Special delivery: memories of a former paperboy

A paper route was a dream job for a kid. It taught discipline and responsibility and put money in your pocket.
A record player

In Maine. When winter was winter. Well before there was such a thing as Polartec fleece.

The challenges buffeting the newspaper industry have cost a lot of reporting jobs, but the past 20 years have pushed paperboys and papergirls to the brink of extinction. It’s adults who do most of the delivering, tossing papers onto driveways from their cars or trucks.

Some newspapers don’t publish as frequently as they once did (Patriot-News, three days per week). Now they are parts of larger media companies focused on digital distribution.

Reflecting this trend, in 2012 the Pennsylvania Newspaper Association changed its name to the Pennsylvania NewsMedia Association.

“This was done in an effort to reflect the media companies that many of our members have already become,” according to the association’s website.

The PNA Foundation still recognizes its newspaper carriers of the year. The 2013 youth division winners were from the Beaver County Times, the Tribune-Review near Pittsburgh, the Daily News in McKeesport, and the Reading Eagle. (

Dream job for a kid

Youth carriers were a cheap source of labor for newspapers, but a paper route was a dream job for a kid. It taught discipline and responsibility and put money in your pocket.

It brought back a lot of my own paperboy memories to view this 2011 feature from the San Francisco Chronicle, in which pop culture critic Peter Hartlaub retraced his old paper route from a quarter-century earlier:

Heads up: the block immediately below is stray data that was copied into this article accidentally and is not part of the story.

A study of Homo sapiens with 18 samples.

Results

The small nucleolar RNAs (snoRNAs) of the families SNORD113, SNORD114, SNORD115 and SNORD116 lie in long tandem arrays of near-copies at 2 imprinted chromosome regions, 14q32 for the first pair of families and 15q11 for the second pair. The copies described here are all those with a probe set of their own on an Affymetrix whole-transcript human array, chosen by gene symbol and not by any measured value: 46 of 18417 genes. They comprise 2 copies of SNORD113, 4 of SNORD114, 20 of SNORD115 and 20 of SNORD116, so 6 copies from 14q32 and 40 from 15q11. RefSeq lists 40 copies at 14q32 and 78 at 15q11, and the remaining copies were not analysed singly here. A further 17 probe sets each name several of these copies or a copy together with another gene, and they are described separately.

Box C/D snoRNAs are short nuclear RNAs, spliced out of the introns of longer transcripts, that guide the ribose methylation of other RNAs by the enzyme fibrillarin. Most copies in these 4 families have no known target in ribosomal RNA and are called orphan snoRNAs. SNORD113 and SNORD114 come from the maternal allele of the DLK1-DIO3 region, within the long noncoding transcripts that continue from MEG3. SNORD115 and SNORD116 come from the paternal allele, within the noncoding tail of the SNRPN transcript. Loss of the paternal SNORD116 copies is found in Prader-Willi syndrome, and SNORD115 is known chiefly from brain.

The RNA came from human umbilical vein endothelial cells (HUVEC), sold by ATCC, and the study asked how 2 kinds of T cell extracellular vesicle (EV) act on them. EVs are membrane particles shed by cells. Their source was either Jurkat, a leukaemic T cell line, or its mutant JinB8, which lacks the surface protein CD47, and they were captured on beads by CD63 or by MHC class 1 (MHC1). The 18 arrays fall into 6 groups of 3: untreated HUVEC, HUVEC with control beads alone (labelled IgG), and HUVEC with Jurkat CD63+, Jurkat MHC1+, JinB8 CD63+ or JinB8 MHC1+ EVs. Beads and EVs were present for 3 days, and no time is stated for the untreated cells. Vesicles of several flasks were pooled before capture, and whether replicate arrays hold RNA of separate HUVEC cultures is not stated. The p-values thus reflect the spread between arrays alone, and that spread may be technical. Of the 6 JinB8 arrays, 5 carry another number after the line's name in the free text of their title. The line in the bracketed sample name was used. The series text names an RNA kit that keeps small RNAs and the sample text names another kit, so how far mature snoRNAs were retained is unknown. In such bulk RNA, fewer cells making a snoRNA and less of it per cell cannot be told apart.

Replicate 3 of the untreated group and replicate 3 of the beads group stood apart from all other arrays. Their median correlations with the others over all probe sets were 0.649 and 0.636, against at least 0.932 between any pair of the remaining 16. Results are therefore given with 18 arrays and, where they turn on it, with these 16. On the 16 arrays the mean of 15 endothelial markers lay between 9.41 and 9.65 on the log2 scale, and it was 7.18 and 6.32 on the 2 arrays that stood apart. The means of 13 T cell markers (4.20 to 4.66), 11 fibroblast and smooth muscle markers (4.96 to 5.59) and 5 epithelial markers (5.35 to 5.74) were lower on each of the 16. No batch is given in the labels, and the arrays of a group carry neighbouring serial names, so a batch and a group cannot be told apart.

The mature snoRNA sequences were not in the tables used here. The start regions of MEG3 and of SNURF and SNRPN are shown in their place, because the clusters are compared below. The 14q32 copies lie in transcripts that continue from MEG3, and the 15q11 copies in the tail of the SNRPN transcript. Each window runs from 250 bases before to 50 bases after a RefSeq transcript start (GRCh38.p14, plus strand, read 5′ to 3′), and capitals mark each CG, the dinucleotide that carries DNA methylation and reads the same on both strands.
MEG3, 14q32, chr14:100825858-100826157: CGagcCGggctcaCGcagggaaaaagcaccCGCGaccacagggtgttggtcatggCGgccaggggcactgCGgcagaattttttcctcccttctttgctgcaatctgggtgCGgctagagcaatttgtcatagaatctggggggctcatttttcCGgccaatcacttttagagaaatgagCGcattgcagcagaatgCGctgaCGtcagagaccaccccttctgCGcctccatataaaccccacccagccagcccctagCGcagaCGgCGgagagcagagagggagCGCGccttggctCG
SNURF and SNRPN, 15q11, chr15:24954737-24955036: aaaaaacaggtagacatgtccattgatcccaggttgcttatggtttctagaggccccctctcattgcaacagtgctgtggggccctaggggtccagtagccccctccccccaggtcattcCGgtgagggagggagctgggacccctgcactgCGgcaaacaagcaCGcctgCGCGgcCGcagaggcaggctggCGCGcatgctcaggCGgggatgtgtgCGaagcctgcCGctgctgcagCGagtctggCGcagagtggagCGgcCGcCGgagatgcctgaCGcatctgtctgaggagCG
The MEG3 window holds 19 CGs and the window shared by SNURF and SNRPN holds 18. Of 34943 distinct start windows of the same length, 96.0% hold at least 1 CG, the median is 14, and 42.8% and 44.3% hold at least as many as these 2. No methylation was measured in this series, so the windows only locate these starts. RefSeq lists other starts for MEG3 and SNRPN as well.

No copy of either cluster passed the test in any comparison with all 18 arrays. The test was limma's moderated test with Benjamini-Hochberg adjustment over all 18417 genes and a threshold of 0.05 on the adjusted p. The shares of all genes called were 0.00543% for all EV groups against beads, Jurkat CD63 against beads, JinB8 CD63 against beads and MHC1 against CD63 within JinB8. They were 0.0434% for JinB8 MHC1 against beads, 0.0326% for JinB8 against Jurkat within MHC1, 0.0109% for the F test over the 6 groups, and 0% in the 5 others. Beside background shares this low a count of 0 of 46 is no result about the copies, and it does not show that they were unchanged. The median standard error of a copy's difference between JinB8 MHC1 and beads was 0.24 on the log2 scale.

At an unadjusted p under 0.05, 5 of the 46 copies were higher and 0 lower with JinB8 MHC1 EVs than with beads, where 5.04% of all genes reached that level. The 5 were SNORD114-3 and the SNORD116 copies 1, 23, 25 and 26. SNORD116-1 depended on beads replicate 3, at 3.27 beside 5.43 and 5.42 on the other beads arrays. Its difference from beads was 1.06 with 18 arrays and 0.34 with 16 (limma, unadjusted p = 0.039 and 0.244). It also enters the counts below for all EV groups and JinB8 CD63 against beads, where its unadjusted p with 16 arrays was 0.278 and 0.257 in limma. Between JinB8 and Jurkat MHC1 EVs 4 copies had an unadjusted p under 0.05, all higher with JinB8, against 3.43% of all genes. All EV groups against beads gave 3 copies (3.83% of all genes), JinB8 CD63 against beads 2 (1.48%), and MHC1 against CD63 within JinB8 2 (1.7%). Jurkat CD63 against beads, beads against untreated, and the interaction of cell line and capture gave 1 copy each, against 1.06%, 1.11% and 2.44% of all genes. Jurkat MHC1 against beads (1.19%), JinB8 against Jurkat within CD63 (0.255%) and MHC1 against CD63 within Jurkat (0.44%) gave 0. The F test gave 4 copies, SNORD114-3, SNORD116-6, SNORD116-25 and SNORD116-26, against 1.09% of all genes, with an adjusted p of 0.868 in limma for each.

Four of the five kids in my family delivered the Lewiston, Maine, newspapers, the morning Daily Sun and the Evening Journal.

I can still hear the raspy voice and smell the cigar that Ed Maroon, the circulation manager, brought into our home when he came to pick up payment. (Only recently did I learn, upon reading Mr. Maroon’s obituary, that he was “Mr. Downtown,” the newspapers’ prep sports prognosticator.)

We must have been pretty reliable carriers, because the newspaper company allowed us to keep the routes in our family for years. As the youngest child, I was the last one to join the family business.

I was a paperboy for five years, starting in fifth grade with the smaller Evening Journal route and ending with the morning Sun. For a couple of years, I delivered both, mostly on foot but sometimes on bike.

For the morning route, there was a shortcut through the woods and past the abandoned sawmill with its rusted out trucks. Whether it was the frequent darkness, the spider webs, the infrequent wild turkey, the unseen but much-feared skunks, I tended to opt for the long way.

John Lennnon’s assassination

My father, ever the early riser, always had the Daily Suns unbundled and waiting on a stool for me to count. We would chat briefly, often about a late sports result. The morning of Dec. 9, 1980, he told me the shocking news of John Lennon’s assassination.

You knew it was cold when Dad urged, “You’d better dress warm.”

But no matter the weather conditions, the amount of sunlight, there was a job to do six mornings per week.

I used to joke that all those years of touching newsprint and ink, something seeped into my body, making me want to become a newspaper reporter.

I was an intern at the Lewiston papers in summer 1989, writing for the newspapers I had delivered in my younger years.

While I was there that June, the renamed Lewiston Journal published its final edition, merging the next Monday with the Daily Sun.